Comment: Where does Cop26 leave us?

Human Nature Founder & CEO Jonathan Smales on the successes and the failures of Cop26 in Glasgow – and what we need to do next

How to make sense of Cop26 or add anything to the deluge of information and commentary flowing through media channels?

Well, Glasgow was a curate’s egg really: good things and bad things… Good Cop, Bad… The good things are to do with the fact that finance, business, city governments have stirred and had a big presence, something that has also encouraged nation states to do more than they might have otherwise. The primary good thing is that Cops happen at all – governments assembling to debate the greatest issues of this or any other age is both necessary and urgent; change at speed and scale cannot happen without them. 

There’s a tsunami of virtue signalling and rhetoric of course – big-sounding commitments like ‘Net Zero’ that often have vague meanings and distant deadlines.This is the ‘blah blah, blah’ that the refreshingly forthright Greta Thunberg refers to and in the overall scheme of things she’s not wrong. We saw that some huge greenhouse gas emitters failed to show and didn’t offer much remotely either. But let’s remember these vast countries such as India remain poor and they lack the resources to transition at due speed. 

And when we celebrate the many commitments’ made we do need to remember that pledges are not the same as action. And ‘hope’, that warmest of politician’s words, has become almost irritating in its glib overuse and vacuity. 

Even if pledges made by governments are fulfilled we’re not on course for the Paris target of keeping global heating to an increase of 1.5 degrees, and that’s already extremely dangerous. And let’s remember that targets omit certain types of emissions, that we’re cutting the easiest things first – the UK and now the US switching to gas – and finding even that difficult; exporting production to countries with higher emissions and importing goods with high embodied carbon. We’re also still subsidising fossil fuels hugely, investing in their planned future extraction and spending billions on new roads.

So, government commitment is necessary but not sufficient; in fact, nowhere near sufficient. And let’s remember that we are government – it is citizens, civil bodies, businesses of all kinds that vote for and enact the changes needed. And it goes further than this: all of us as individuals need to make changes to the way we live – reducing our climate ‘footprint’ (emissions caused by our homes, our transport, the food we eat and the goods and services we consume), maximising our climate ‘handprint’ (that is the good things we can do) and addressing our climate ‘shadow’ (the greenhouse gases caused by governments, banks, pension funds, employers acting in our name).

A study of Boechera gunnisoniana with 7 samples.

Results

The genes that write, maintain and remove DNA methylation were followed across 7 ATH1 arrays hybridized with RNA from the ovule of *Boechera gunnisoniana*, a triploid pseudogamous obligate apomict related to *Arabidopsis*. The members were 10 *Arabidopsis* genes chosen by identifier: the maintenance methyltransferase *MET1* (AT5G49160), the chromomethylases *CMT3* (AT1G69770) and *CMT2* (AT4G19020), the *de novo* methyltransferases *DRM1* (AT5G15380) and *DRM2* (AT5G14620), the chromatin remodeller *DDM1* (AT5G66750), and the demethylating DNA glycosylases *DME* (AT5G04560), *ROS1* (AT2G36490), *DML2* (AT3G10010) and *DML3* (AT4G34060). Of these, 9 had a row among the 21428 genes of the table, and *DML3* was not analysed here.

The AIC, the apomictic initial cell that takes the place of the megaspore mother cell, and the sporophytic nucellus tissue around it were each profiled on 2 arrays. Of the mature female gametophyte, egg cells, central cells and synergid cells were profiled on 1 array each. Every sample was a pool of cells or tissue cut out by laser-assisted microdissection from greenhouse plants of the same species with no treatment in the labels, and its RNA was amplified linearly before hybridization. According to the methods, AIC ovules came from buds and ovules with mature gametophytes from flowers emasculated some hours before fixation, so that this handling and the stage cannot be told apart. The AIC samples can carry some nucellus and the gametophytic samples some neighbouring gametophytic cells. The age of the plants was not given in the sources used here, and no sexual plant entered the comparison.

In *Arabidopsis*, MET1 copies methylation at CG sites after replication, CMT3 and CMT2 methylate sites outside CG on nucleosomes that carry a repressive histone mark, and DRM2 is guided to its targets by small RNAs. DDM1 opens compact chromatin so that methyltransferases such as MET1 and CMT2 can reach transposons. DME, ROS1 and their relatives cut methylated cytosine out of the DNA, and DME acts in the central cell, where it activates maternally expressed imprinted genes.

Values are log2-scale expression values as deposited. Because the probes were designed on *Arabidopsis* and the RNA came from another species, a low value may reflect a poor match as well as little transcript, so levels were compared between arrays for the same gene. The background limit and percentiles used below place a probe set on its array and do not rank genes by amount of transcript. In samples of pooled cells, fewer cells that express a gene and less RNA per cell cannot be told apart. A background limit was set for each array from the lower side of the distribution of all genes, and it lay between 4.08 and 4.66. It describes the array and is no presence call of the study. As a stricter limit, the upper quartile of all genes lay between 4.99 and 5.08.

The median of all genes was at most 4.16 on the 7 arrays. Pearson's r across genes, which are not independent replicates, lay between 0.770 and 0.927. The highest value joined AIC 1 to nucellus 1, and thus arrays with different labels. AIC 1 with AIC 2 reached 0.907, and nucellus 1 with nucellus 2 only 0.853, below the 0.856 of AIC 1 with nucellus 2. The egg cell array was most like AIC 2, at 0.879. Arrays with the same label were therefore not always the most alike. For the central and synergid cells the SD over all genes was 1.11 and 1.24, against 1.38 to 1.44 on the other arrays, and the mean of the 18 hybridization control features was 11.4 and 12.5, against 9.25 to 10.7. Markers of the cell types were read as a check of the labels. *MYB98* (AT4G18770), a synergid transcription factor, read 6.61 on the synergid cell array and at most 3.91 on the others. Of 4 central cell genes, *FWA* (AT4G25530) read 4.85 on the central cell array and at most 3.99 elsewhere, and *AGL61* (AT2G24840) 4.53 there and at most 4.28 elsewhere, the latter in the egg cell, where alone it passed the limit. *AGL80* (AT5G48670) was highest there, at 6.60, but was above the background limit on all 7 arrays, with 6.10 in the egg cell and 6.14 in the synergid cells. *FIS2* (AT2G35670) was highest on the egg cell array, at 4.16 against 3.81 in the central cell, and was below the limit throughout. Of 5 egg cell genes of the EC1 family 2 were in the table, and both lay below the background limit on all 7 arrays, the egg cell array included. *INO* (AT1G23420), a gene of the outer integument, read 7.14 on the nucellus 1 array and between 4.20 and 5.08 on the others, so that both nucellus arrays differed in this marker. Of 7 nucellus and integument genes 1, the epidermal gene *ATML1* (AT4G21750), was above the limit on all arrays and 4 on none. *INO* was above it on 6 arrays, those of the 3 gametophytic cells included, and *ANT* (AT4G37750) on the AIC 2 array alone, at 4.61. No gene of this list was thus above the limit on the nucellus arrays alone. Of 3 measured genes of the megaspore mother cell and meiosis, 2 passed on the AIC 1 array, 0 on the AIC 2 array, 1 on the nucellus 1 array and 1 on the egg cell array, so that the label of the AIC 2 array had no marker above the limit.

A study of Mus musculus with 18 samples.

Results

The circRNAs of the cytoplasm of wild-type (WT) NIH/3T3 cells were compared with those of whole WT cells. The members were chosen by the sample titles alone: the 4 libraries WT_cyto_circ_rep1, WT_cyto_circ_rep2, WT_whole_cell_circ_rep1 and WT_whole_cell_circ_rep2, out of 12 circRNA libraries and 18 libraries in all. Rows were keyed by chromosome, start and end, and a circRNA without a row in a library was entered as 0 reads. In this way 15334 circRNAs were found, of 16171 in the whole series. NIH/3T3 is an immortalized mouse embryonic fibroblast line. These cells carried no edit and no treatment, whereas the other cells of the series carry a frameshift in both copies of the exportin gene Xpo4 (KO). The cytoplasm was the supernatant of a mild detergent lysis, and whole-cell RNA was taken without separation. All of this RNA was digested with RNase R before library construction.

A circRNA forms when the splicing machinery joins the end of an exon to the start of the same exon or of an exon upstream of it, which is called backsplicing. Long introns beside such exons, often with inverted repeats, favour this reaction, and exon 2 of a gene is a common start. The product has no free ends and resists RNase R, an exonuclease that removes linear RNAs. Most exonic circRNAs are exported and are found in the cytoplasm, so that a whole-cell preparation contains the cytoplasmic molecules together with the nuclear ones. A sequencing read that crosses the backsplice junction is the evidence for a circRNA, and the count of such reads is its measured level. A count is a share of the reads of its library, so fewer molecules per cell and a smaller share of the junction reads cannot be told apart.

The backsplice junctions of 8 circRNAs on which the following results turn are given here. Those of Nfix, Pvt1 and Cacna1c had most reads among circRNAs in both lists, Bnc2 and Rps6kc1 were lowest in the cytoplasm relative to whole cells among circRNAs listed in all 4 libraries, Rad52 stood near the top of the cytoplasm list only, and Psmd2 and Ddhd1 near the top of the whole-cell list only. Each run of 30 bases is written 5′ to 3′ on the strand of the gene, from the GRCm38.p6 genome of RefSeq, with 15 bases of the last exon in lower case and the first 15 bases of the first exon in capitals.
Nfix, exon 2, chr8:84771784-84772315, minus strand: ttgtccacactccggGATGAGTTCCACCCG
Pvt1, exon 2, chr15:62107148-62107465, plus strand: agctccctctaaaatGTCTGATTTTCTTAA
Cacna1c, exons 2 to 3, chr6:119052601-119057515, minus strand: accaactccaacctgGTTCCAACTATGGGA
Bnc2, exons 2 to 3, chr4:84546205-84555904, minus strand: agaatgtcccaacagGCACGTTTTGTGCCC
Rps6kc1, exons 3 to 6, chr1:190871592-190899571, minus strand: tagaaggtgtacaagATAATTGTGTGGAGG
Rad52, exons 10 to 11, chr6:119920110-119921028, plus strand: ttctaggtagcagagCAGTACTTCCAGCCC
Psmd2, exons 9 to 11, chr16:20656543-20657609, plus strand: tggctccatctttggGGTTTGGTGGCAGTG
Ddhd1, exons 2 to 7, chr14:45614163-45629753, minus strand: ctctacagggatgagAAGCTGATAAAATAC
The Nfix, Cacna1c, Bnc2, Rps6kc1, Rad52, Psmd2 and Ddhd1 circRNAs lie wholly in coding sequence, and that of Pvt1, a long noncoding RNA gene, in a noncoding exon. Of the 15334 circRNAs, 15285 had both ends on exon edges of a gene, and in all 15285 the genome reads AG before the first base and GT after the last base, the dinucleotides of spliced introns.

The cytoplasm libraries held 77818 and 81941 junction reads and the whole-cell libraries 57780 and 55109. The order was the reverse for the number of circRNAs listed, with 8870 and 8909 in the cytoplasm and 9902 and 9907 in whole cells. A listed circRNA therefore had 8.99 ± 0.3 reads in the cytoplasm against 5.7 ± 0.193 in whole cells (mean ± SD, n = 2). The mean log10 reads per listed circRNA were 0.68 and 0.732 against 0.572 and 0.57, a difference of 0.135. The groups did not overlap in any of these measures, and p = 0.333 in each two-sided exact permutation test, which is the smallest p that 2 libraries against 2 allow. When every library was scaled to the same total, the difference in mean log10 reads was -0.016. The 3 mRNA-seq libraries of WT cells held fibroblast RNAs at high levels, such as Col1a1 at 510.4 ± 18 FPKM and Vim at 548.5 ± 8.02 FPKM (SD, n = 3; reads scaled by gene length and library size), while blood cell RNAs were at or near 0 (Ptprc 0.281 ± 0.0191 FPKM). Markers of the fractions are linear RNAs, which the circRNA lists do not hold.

At Human Nature, our commitment is to make the changes we all need far easier than they would otherwise be, inspiring people to change and helping this process to be reasonable and fair and therefore more likely to happen in what is sometimes called a ‘just transition’. The Phoenix neighbourhood here in Lewes, East Sussex, is being designed to house people of all kinds well in efficient homes – naturally cool in hotter summers, warm in winter – use scarce brownfield land wisely through creating a compact settlement in a three-minute neighbourhood, design streets for people and greenery making walking and cycling safe, easy and enjoyable, organise other forms of mobility in a different way using shared co-mobility services with electric vehicles, build in new ways with low impact and even regenerative materials such as timber and hemp, and establish a renewable energy grid so that all people who live and work there have access to affordable clean heat and electricity. We will also determine which commercial and community enterprises are accommodated in the non-residential spaces we build and can give preference to those who operate in ways that can help regenerate climate and nature, not harm them.

In our view these types of actions, carried out at the local level – in our neighbourhoods – are the most urgent and effective of all. We can relate to them, experience them and see for ourselves at first hand how a commitment to a safer world can also create a far, far better world.